For most of us, winter brings a typical litany of coughs, aches and sniffles. When you’re not feeling well, it’s natural to imagine a worst-case scenario (raise your hand if you’ve ever worried you had a brain tumor). Learn the difference difference between a few common conditions with similar symptoms.
Between opening credits and the final scene of the latest blockbuster, you developed a sore throat, a fever and chills. You’re not sure whether you finally caught the cold that the kids brought home from school or are beginning a fling with the flu.
Q: Is it a cold or the flu?
A: The flu
Although cold and flu viruses both share similar symptoms—including sore throat, fever, chills and muscle aches—cold symptoms tend to build over time. You may have nasal congestion or a runny nose for a few days before a cough or a fever develops. The flu has a sudden onset. You can go from feeling fine one minute to feeling terrible the next. If you have the flu, your doctor may prescribe antiviral medications like Tamiflu to provide symptom relief.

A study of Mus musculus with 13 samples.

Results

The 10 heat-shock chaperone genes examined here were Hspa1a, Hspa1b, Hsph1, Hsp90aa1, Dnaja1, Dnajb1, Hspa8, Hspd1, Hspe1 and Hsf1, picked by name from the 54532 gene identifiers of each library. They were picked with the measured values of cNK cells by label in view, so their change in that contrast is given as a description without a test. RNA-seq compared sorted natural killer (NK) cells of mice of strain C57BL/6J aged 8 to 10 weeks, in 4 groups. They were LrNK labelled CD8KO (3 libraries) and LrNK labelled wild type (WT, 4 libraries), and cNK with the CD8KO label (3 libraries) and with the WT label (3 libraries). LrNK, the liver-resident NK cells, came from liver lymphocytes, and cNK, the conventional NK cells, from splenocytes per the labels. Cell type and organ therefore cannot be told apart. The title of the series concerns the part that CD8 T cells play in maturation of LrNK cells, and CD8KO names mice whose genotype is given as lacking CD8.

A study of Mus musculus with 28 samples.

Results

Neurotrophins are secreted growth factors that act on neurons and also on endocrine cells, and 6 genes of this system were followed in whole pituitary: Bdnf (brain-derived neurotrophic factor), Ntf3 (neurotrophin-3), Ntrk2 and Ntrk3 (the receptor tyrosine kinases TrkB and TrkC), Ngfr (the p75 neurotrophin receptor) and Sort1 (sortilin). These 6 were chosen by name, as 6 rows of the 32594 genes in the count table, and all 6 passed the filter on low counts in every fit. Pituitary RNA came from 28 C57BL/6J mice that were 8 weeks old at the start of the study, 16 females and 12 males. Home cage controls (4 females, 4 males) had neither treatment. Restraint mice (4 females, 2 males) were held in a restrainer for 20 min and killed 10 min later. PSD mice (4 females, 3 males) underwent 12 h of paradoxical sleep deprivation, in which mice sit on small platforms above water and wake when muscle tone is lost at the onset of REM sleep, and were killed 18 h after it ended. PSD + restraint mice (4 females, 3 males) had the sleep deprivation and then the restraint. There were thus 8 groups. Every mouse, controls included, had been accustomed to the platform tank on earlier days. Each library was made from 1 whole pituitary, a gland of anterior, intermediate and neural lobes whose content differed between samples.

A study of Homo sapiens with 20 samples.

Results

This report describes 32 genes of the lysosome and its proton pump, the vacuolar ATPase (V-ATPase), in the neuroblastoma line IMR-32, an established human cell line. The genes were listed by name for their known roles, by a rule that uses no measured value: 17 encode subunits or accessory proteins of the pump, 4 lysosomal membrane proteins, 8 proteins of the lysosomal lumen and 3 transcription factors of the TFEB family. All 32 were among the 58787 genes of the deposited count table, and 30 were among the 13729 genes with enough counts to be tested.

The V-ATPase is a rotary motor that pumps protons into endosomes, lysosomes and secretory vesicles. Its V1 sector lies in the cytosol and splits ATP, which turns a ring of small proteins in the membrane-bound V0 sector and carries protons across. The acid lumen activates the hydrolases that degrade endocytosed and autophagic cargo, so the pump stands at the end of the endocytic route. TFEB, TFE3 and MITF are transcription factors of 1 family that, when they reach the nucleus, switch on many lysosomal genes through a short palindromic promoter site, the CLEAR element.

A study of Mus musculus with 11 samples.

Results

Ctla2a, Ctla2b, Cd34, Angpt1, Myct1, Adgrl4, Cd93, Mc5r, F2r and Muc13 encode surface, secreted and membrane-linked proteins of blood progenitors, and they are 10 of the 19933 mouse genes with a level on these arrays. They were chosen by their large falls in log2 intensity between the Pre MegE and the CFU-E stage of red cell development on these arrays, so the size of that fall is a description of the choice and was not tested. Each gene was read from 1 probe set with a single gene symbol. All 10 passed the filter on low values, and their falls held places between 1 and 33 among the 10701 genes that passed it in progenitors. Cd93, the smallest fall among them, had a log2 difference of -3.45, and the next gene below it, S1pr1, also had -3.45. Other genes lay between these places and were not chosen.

You escape winter weather with a trip to Hawaii, but miss the opening-night luau with a 102 degree fever, coughing and aches all over.
Q: Is it the flu or pneumonia?
A: The flu
Like the common flu, pneumonia is often accompanied by fever and coughing. But with the flu, body aches predominate. With pneumonia, sufferers might get sudden onset of chills and sweat so sudden they can’t control it, and they may have asymmetrical pain in the chest in the right or left lung.
Don’t let the flu happen to you. To make an appointment for your flu vaccine, call your primary care provider. Don’t have one? Call our free provider referral service at (843) 522-5585.